Moderate drinking 'protects bones'

Drinking may preserve bones
A diet rich in calcium - and the occasional glass of wine - could protect some women from dangerous bone-thinning.

Seven units of alcohol a week, equivalent to a glass of wine, half a pint of beer or a measure of spirits every night, can help reduce bone loss at the hip, researchers say.

However, osteoporosis experts have warned that heavy drinkers are actually running a higher risk of the devastating bone condition.

One in three women in the UK suffer from osteoporosis at some point in their lives.

The thinning of the bones can lead to leg, hip and wrist fractures, leaving women permanently disabled.

The Osteoporosis Research Unit in Aberdeen looked at the lifestyles of 907 women over a seven year period.

They found that the greatest factor affecting bone health was the level of female sex hormones.

But both dietary calcium and modest alcohol intake both appeared to have a positive effect.

Dr Helen McDonald, who headed the research, said: "This study shows that in addition to calcium intake, modest alcohol intake can have a positive role to play in the bone health of early menopausal women."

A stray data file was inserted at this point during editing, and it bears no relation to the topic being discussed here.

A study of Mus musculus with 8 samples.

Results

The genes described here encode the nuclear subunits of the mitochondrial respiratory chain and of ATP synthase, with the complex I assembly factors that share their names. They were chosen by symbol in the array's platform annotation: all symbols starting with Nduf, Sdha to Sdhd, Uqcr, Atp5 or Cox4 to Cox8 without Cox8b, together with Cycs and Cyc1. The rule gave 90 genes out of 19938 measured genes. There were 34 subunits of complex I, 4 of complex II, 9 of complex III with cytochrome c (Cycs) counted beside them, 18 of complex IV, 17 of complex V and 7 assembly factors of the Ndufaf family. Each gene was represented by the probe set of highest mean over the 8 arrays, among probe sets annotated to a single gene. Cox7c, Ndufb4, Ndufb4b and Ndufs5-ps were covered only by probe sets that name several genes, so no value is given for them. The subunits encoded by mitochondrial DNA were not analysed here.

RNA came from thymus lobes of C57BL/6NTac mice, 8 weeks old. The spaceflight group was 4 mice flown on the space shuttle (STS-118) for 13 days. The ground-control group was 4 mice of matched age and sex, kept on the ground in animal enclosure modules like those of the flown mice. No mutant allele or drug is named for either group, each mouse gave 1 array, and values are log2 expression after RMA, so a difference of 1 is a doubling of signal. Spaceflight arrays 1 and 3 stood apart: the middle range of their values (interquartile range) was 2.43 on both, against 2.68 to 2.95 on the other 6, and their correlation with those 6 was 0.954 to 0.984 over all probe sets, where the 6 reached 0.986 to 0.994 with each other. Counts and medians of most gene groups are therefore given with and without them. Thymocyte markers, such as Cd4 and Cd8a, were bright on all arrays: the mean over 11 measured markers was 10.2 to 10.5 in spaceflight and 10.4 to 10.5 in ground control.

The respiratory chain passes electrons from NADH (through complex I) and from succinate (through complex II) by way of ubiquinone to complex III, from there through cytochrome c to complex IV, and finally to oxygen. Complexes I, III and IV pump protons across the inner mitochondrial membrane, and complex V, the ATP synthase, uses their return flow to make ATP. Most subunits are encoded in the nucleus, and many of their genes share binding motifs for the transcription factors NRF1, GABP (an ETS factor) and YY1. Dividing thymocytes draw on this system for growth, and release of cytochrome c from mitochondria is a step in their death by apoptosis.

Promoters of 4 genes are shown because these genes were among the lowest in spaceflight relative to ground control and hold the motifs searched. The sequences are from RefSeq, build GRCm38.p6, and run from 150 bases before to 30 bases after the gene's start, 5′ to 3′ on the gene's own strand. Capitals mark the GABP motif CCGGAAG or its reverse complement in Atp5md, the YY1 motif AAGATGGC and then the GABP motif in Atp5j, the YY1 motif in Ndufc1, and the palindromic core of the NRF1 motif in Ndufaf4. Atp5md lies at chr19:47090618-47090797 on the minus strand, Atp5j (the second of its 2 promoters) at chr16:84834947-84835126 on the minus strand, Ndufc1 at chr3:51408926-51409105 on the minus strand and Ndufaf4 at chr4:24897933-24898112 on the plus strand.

Linda Edwards, director of the National Osteoporosis Society, said: "It will be welcome news to women who enjoy drinking moderately.

50,000 fractures

"It demonstrates that looking after your bones can be pleasureable - you don't need to sacrifice your palate to protect your skeleton."

The study was revealed at the National Osteoporosis Society's national conference, which was also told how the number of wrist fractures, many of which are related to osteoporosis, may have been underestimated by doctors.

Scientists at Manchester University estimate that 50,000 women in the UK - 10% more than previously thought - suffer a wrist fracture every year.

The National Osteoporosis Society thinks that many women may have unidentified fractures, but not receive treatment because their injuries are not picked up.

Linda Edwards said: "Wrist fractures are often the first sign of osteoporosis, yet many people fail to be diagnosed at this stage and therefore miss out on vital treatment to reduce further fractures."